Sylvester Comprehensive Cancer Center

UM/Sylvester Researcher Shows Enzyme Can Fight Cancer

06.06.2006

Jaime R. Merchan, M.D., M.M.Sc., assistant professor of clinical medicine in the Department of Medicine, Division of Hematology-Oncology at the University of Miami Sylvester Comprehensive Cancer Center, has published an important study in the Journal of the National Cancer Institute on the workings of proteases in tumors. Proteases are enzymes that cleave, or split, proteins and they are known to play a role in the growth and spread of cancer. “There is a widely accepted dogma or paradigm that proteases are bad,” said Merchan, who recently joined the faculty of UM/Sylvester from the Mayo Clinic in Minnesota. “Our study provides evidence that proteases of the plasminogen activator system may negatively regulate tumor progression and that the tumor-delaying effects are directly due to their proteolytic activity.”

Merchan and his colleagues studied two proteases that are suspected of playing a role in the growth of new blood vessels to tumors: tissue plasminogen activator, or tPA, and urokinase, or uPA. Many oncologists have long suspected that protease enzymes help tumors grow new blood supplies and that has fueled research into protease inhibitors as anti-cancer drugs. They can be very effective against viruses – for example, at least nine different protease inhibitors are approved for use against HIV/AIDS. Protease inhibitors block the ability of the virus to replicate, preventing its spread. Many investigators thought this might be a good strategy against cancer as well.

In a series of experiments Dr. Merchan and his colleagues genetically engineered breast cancer cells to produce the proteases tPA and uPA in excess of the levels that tumor cells produce. When those tumor cells were implanted into the mammary glands of mice, Merchan observed that tumors with tPA overexpression grew at about half the rate of the control (untreated) breast tumors and that the uPA tumors grew even slower – at about one-fourth the rate of the regular tumors. The protease-overexpressing tumors were also less likely to metastasize, or spread. And they found in animal models that, compared to untreated tumors, overall survival was one-third longer in the tPA group, and twice as long in the uPA group. “The survival data was very significant,” said Merchan.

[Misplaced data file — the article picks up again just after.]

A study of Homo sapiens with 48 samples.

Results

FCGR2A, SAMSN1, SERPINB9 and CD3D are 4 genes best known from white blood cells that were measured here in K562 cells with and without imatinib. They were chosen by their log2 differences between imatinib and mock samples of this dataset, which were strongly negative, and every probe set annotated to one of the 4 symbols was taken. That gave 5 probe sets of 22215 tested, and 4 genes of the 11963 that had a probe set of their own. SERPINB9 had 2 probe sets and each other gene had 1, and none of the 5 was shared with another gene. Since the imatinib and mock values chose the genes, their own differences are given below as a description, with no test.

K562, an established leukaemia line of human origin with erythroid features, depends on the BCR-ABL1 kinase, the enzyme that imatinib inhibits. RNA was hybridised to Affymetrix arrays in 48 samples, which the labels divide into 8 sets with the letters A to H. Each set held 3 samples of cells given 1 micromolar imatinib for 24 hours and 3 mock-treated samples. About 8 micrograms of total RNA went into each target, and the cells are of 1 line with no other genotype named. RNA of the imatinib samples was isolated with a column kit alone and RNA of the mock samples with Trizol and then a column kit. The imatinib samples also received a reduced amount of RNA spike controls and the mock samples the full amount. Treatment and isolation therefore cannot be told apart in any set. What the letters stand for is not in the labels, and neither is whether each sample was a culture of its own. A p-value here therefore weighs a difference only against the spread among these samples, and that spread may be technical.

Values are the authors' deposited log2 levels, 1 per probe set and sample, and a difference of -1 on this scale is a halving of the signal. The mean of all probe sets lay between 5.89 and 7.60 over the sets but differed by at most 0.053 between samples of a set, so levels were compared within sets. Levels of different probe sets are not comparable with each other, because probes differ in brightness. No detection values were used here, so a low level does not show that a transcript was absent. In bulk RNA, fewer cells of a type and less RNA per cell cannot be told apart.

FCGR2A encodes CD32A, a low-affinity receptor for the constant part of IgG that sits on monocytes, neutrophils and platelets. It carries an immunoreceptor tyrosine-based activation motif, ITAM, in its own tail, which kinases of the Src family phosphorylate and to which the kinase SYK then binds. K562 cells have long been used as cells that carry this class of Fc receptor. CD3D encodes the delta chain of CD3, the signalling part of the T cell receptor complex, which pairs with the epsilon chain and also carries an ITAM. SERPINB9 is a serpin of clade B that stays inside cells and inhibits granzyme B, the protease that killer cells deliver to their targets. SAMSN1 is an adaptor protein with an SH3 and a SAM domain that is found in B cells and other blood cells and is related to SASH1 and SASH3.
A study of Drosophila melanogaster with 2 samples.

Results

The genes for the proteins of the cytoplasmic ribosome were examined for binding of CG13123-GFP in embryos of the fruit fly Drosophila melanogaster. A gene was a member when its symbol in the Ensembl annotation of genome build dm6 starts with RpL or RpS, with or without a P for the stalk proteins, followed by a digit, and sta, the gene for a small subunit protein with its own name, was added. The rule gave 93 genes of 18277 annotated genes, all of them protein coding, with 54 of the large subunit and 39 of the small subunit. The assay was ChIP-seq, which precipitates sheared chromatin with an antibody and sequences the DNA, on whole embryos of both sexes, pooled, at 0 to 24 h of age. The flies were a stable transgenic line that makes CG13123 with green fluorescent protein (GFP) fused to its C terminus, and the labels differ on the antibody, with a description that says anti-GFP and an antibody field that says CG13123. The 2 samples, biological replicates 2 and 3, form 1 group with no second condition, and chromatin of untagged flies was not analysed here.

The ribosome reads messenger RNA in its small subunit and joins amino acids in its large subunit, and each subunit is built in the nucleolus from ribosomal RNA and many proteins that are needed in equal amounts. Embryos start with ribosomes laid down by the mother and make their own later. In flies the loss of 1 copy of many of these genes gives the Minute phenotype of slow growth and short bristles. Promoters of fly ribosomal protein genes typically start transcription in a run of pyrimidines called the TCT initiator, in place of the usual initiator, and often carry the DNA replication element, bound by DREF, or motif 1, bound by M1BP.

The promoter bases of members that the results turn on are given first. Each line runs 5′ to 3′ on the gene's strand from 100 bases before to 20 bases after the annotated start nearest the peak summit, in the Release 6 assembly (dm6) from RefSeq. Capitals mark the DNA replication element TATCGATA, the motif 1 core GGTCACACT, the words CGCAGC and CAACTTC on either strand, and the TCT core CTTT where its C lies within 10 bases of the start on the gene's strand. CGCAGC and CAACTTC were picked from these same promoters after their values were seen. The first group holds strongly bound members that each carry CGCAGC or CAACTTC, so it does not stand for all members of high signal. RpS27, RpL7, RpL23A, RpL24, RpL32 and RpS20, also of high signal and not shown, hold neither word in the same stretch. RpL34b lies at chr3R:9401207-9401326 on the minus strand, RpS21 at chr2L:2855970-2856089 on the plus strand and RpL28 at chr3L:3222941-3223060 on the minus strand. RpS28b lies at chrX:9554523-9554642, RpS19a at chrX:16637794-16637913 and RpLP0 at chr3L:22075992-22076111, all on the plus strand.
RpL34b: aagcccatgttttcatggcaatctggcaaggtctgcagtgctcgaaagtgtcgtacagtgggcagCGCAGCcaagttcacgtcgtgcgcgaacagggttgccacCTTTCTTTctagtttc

To determine whether the anti-tumor effects were due to the enzymatic activity of the proteases, the researchers genetically modified urokinase (uPA) to make it “proteolytically inactive.” Tumors expressing the proteolytically inactive urokinase grew faster than tumors exposed to “active” urokinase and at about the same rate as untreated control tumors.

“We observed that tumors overexpressing urokinase and tPA had fewer tumor blood vessels than tumors not overexpressing the proteases, and had less tumor proliferation,” said Merchan. Curiously, the proteases only stopped tumors in animal models, not in isolated cancer cells in the lab. “That led us to conclude that the proteases overexpressed by the tumors are not directly toxic to the tumor cells, but that they block tumor growth indirectly.”

Merchan has two theories about how the proteases work. The overexpression of proteases may disrupt the stroma, or protein and cell tissue that make up the microenvironment around the tumor. That would create an unfriendly environment for cancer. Another possibility is that the proteases may break apart some proteins in the tumor stroma which are precursors of smaller proteins and peptides that block blood vessel growth to tumors. When the proteases cleave those cells they may be converted to enzymes that fight, rather than encourage, a new blood supply.

This study builds on a previous report (JNCI, 2003) in which Merchan and his team discovered that the protease tPA blocks the growth of new blood vessels when mixed with human plasma. Moreover, when patients with cancer were treated with tPA and a drug called captopril, the plasma of those patients changed. Plasma that normally would induce angiogenesis, or new blood vessel growth, instead blocked it. Merchan next plans to study these proteases in other types of cancer and to try to explain the cellular and molecular mechanisms behind the antitumor effects of proteases. He hopes to have more data within a year.

“This study challenges the current dogma that proteases are ‘bad,’ and that in order to treat tumors, proteases have to be blocked,” said Merchan. “Based on our results, we say that proteases are neither ‘good’ nor ‘bad’ but that their positive or negative effects depend mainly on the balance between the proteases and their inhibitors, a balance that is tightly regulated in space and time. Our data strongly suggest that if we shift that balance in favor of proteases (by ‘forcing’ tumors to produce more proteases), tumor growth may be blocked.”

This is a new way of thinking about proteases and the hope is to translate it into a viable therapy. “The important question which is being asked in our laboratories is just when during tumor progression does it make sense to shift the proteolytic balance in favor of proteases,” Merchan said. “Our results caution against the widespread use of protease inhibitors, especially urokinase inhibitors, against cancer.”

Merchan’s study is published in the June 6 issue of the Journal of the National Cancer Institute and is available online at this link: http://jncicancerspectrum.oxfordjournals.org/jnci/current.shtml.